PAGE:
Title: The Color of Bee Larkham’s Murder
Author: Sarah J. Harris
Genre: Contemporary Fiction
Number of Pages: 359
The Color of Bee Larkham’s Murder was one of those books that was sitting on my to-read list for forever and even though I’m glad I finally read it, I had very mixed feelings about it. It definitely took me some time to get into it even though the premise is great. The main character, Jasper Wishart, is a thirteen-year-old boy with prosopagnosia (face blindness,) synesthesia, and autism. He’s very different from other kids his age and despite his high intelligence, acts much younger than thirteen in a lot of ways.
He lives with his largely unsupportive single dad after the death of his mom from cancer. His mom also had synesthesia and he’s lost the only person who could understand him. When Bee Larkham moves next door into her family home after her own mom’s death, she sets out to attract wild parakeets, much to Jasper’s delight. He creates paintings of the sounds they make and she lets him watch them from her bedroom window.
She gets a job as a music teacher and that’s when things get dark. Bee starts fiddling her fifteen-year-old male student, Lucas Drury, and manipulates Jasper into delivering letters for her. It’s hard for him because he can’t recognize faces but Bee becomes increasingly bullying and coercive. Then Bee gets murdered (hence the title) and Jasper thinks he did it, but what really happened? Through flashbacks, we see how toxic the relationship between Jasper and Bee really became.
At the beginning I felt like Jasper’s voice was too sentimental and felt too much like a literary construct, and it just didn’t work for me. But I started to like the voice and the character better as the story went on. Now, I think Jasper is annoying at times but he’s a well-written protagonist. He didn’t feel like ‘just another autistic character.’ His innocence makes the story hard to read at times.
The set-up with Bee being murdered and Jasper thinking he did it is somewhat contrived and there are moments when the storyline strongly strains credulity, but I consider that a suspension of disbelief issue and it was something I was able to get past. It made me mad how dismissive Jasper’s dad was of him and the way he talked about him when he was in the same room. But the character that made me the angriest was Bee. I just liked her less and less as the story progressed.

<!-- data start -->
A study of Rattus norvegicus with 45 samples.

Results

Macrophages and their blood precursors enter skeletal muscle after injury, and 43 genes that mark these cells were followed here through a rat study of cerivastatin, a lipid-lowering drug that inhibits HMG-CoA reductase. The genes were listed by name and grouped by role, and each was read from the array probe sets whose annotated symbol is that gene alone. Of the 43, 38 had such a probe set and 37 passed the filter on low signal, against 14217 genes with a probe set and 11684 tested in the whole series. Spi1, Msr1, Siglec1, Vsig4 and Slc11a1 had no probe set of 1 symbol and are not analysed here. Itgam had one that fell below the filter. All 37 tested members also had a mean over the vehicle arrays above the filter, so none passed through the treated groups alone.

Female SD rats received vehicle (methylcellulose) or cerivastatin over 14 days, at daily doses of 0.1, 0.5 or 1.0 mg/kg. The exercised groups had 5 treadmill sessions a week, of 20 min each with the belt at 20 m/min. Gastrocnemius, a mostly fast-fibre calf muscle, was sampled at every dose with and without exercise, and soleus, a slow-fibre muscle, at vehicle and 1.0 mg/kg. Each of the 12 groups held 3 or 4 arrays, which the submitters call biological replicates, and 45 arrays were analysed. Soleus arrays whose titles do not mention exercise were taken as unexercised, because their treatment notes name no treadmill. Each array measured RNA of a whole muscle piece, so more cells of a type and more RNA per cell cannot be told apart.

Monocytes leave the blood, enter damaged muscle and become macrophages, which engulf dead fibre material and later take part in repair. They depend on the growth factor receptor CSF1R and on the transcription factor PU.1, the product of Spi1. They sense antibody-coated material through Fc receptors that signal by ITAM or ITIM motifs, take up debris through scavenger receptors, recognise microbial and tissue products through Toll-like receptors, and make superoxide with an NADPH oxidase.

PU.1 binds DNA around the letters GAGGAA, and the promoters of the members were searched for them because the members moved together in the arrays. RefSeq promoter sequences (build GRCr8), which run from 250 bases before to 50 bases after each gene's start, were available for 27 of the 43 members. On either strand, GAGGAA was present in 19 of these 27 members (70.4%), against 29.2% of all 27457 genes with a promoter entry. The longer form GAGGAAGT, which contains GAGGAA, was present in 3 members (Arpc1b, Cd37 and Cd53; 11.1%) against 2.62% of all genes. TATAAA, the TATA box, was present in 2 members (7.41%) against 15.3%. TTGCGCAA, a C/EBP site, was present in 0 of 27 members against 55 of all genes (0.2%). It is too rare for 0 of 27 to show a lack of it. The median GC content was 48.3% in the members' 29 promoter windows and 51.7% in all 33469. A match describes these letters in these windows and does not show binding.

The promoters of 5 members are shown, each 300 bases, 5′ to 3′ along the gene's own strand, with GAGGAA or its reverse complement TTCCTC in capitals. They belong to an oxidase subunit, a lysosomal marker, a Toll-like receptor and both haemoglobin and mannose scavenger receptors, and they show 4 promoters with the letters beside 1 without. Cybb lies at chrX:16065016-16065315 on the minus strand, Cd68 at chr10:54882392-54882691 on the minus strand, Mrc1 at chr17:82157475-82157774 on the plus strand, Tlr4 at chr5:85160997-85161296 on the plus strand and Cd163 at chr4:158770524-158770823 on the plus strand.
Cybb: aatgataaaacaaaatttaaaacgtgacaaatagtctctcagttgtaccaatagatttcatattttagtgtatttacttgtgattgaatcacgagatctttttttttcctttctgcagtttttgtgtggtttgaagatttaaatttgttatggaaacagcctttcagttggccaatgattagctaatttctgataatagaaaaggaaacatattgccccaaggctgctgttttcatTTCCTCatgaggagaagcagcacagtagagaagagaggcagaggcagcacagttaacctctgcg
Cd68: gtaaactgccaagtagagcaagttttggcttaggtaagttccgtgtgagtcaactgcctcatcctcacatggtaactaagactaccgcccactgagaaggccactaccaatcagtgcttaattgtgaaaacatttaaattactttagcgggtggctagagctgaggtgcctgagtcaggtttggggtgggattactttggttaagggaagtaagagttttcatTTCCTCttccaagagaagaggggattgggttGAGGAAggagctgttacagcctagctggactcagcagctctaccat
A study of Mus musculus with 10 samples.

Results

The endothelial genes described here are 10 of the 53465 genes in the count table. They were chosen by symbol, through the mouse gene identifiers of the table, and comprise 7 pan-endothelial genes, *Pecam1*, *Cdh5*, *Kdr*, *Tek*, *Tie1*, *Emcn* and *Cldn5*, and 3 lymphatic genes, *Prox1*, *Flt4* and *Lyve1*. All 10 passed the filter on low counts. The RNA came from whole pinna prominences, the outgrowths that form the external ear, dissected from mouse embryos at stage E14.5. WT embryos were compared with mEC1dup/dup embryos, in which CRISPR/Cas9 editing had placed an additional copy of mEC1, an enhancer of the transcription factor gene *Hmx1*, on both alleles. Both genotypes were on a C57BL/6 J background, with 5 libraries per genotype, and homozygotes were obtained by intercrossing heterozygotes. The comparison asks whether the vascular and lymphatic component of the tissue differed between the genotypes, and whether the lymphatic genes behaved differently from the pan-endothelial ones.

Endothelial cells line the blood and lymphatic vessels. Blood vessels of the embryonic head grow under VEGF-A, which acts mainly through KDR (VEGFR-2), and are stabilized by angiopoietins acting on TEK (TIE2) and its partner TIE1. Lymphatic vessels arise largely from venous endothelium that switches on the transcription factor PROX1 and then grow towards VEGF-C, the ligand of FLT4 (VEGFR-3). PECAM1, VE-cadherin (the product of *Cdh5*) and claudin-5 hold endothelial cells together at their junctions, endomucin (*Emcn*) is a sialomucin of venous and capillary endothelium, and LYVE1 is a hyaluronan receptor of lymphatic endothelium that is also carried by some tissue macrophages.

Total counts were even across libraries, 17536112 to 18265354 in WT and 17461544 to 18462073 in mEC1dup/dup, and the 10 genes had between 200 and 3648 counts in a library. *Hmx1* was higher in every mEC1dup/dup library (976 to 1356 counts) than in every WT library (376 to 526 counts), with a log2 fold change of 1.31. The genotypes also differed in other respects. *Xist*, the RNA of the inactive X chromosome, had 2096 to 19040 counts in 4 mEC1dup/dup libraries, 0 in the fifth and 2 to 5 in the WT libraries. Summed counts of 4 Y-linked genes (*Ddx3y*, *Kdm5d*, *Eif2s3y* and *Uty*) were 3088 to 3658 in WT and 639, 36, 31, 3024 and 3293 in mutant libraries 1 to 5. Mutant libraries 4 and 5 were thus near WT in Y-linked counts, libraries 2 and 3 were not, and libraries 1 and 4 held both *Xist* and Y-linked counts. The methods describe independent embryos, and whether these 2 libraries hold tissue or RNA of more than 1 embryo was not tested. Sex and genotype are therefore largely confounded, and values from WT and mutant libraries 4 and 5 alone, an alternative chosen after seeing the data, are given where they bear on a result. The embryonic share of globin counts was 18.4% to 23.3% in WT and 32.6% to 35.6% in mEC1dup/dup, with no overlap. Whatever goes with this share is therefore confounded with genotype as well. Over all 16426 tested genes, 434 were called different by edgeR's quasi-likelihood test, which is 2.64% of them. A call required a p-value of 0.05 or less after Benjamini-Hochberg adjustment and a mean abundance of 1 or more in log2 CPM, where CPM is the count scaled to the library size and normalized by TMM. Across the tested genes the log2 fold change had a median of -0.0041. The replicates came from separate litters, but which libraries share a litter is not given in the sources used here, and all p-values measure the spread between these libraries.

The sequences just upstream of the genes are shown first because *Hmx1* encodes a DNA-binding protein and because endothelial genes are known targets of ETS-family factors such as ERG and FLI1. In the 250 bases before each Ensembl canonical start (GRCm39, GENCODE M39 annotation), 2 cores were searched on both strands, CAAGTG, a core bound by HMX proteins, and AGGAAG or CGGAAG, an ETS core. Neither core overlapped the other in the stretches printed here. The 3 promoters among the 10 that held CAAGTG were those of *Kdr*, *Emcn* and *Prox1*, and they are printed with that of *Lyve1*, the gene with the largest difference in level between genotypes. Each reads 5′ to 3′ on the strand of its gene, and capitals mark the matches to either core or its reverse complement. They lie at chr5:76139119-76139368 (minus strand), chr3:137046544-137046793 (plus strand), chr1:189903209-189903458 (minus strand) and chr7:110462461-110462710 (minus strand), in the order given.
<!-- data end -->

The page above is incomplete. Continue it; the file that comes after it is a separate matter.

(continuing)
It seemed like the author was trying to win some sympathy points for Bee with the sexual abuse backstory, but it didn’t work. It’s terrible that that happened to her and she wasn’t believed, but that doesn’t give her an excuse to mistreat other people. The ending suggests she was a ‘complex’ person at least somewhat deserving of our sympathy, but I was honestly all out of fucks with her by a certain point. I’m glad you got murdered, Bee Larkham. It couldn’t have happened to a nicer person.
If she was a man the author probably would have painted her as an irredeemable monster, molestation backstory be damned. Especially the having sex with a fifteen-year-old part. Anyway, this book had a lot of flaws but it was a page-turner and did a good job overall at bringing its neurodivergent narrator to life. It kept me guessing throughout and engaged my emotions, making me feel for Jasper even as he continued to frustrate me.
It’s also the first book I’ve read about face blindness and it made me want to read more about this fascinating condition (I’ve already read two books have characters with synesthesia, Blue Like Friday and The Truth as Told by Mason Buttle– both middle grade novels.) Overall, The Color of Bee Larkham’s Murder is a solid entry in the subgenre of mysteries with neurodiverse leads.